Wednesday, January 30, 2019

Reader Engages Journalist on the Finer Things in Life (Videos Galore!)


Alexandria Ocasio-Cortez

By dirkdiggler404
Tuesday, January 29, 2019 at 9:03:00 A.M. EST

I always see your recommendations on the noir film genre but don't really have much knowledge about them. If you could recommend your top three I would surely appreciate it. In return I shall give you my top three commercial recommendations that I find humorous or clever:

1. ATT: “Stay in your lane, bro”;

2. Geico: “Humpday”; and

3. The Dollar Shave Club (set to a Sammy Davis Jr. song, I think).

As an aside, I’ve expressed my expertise to you once before on the subject, but I must confess that I think Alexandria Occasional-Cortex has a pretty sweet rack that almost absolves her of her shortcomings.

GEICO Hump Day Camel Commercial: Happier than a Camel on Wednesday


Stay in Your Lane (Not Sure if This is the One; Language Alert)

INSURANCE Ft. Tyrese - By@TopRopeZeus - Our Blades Are F***ing Great (L---uage Alert)



By Nicholas
Tuesday, January 29, 2019 at 11:18:00 P.M. EST

1. The Maltese Falcon (1941 version, starring Bogie): The father of Film Noir;

2. Double Indemnity (1944): Billy Wilder’s hard-boiled version of James M. Cain’s novel, starring Fred McMurray, playing gloriously against type, and Barbara Stanwyck; and

3. If The Third Man counts (1949?) as film noir, then it is definitely #3, even though it is ahead of both the previous pictures (#10) on my list of the greatest movies of all time. (There’s no femme fatale, but it is on lists of the greatest films noir.) It stars Joseph Cotten as a down-on-his-luck pulp fiction writer who visits an old friend in Vienna who had offered him a job, only to find the friend dead, and the postwar city full of shady characters claiming to have been his dear friends.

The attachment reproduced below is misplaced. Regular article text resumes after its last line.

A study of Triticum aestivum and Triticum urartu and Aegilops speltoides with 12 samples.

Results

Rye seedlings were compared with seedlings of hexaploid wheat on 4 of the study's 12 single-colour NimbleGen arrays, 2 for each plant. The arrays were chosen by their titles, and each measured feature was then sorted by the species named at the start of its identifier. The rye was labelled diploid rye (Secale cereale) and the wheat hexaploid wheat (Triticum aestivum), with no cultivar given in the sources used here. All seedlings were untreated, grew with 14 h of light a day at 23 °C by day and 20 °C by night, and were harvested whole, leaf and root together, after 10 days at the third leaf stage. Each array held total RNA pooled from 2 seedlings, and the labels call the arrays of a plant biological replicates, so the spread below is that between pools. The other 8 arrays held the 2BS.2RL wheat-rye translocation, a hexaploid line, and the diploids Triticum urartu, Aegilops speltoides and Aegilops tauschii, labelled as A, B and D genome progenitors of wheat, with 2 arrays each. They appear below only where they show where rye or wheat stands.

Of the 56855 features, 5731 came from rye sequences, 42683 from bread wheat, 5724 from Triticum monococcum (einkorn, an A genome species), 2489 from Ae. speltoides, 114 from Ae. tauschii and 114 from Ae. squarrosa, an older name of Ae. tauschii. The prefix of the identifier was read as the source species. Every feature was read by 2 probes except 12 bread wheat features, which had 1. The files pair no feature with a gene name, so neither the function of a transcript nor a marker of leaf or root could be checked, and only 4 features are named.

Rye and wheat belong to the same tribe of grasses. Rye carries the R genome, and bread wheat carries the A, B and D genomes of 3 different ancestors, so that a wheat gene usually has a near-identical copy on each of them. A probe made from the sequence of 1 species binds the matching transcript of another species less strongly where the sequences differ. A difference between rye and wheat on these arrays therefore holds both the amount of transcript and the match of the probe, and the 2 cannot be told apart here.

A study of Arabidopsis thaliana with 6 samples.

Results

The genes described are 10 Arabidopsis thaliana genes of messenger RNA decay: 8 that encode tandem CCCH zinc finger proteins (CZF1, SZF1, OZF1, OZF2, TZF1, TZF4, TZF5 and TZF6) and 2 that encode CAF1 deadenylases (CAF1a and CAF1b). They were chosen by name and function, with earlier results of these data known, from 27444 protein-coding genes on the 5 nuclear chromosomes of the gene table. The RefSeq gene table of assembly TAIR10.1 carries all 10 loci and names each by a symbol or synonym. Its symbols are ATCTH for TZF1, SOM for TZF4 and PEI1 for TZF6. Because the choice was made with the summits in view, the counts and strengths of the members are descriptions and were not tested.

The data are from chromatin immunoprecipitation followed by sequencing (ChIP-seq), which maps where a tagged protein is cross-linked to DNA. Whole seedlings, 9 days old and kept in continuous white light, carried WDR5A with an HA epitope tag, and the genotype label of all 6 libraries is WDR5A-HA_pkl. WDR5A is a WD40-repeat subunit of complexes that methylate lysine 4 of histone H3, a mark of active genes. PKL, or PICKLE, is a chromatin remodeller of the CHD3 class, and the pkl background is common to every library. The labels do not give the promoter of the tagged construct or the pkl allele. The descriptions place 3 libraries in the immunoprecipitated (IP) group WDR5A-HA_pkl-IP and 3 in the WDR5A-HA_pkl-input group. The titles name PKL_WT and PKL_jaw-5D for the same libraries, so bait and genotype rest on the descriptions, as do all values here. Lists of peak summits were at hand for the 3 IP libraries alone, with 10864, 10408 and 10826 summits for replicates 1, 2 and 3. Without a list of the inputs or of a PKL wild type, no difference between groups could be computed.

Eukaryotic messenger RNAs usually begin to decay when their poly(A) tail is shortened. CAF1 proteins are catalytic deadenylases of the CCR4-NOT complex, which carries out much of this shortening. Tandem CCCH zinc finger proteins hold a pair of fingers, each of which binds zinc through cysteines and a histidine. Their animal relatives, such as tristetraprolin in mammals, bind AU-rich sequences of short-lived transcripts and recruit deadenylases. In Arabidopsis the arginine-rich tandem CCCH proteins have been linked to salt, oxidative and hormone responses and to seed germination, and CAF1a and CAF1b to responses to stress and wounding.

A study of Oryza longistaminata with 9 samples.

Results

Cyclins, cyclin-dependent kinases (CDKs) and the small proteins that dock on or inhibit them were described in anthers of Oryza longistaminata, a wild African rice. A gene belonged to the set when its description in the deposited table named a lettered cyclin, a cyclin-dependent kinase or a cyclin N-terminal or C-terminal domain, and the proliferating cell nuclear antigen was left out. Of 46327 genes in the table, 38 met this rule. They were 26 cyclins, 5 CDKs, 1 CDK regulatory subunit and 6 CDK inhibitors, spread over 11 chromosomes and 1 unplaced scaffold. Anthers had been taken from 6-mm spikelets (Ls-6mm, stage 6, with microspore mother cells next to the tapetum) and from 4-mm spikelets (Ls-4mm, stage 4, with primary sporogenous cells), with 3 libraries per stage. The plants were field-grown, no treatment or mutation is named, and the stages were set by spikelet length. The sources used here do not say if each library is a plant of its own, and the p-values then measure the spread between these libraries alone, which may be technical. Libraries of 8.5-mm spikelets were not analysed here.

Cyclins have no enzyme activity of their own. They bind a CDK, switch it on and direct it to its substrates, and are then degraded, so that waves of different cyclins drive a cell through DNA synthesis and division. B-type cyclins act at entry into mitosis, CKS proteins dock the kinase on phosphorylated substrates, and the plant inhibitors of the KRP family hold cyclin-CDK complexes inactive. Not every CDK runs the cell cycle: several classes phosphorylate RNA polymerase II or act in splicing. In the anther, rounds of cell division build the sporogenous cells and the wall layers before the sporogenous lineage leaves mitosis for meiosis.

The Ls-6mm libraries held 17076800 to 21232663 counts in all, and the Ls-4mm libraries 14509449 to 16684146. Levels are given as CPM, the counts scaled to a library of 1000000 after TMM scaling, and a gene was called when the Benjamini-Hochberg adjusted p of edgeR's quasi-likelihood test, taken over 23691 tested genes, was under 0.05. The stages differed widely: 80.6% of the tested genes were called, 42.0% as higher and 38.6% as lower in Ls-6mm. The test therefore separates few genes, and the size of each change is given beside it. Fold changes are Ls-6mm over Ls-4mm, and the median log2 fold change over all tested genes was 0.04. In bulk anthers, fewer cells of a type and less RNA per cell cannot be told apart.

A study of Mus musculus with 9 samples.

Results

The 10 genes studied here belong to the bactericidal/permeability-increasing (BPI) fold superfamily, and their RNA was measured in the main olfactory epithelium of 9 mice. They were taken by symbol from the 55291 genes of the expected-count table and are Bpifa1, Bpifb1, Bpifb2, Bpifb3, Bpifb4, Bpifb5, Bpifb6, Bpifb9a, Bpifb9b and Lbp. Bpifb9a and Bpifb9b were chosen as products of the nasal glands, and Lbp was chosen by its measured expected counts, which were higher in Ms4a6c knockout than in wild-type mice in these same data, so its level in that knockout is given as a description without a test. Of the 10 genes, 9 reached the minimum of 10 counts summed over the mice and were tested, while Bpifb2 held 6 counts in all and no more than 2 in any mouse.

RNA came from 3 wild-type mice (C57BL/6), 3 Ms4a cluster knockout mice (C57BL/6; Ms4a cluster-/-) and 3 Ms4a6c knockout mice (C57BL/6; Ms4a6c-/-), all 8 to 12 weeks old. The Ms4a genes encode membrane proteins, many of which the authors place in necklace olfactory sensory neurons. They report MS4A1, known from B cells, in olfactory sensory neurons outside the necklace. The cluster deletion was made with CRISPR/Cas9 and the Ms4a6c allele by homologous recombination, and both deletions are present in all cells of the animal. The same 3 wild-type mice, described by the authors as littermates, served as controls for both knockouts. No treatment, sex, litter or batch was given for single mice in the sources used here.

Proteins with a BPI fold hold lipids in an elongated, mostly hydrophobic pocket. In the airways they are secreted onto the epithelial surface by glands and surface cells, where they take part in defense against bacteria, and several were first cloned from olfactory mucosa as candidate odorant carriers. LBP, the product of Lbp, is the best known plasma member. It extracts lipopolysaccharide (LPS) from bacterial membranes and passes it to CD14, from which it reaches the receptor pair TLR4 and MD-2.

Re TV commercials: I've heard the phrase, "Stay in your lane," but am not sure if I saw the ad. "The dollar shave club" spot doesn't ring a bell. GEICO’s “Humpday” spot, however, is Hall of Fame stuff. Larsonesque, in taking a metaphor and making it concrete. GEICO ran it the other day. I recognized it immediately with the sound off.

If comedy still lives in America, it is in TV commercials!

As for your other observation, as a longtime scholar on the subject, I agree.

Just a day or two ago, I told my family that if a female politician is physically attractive, I cannot counter her arguments!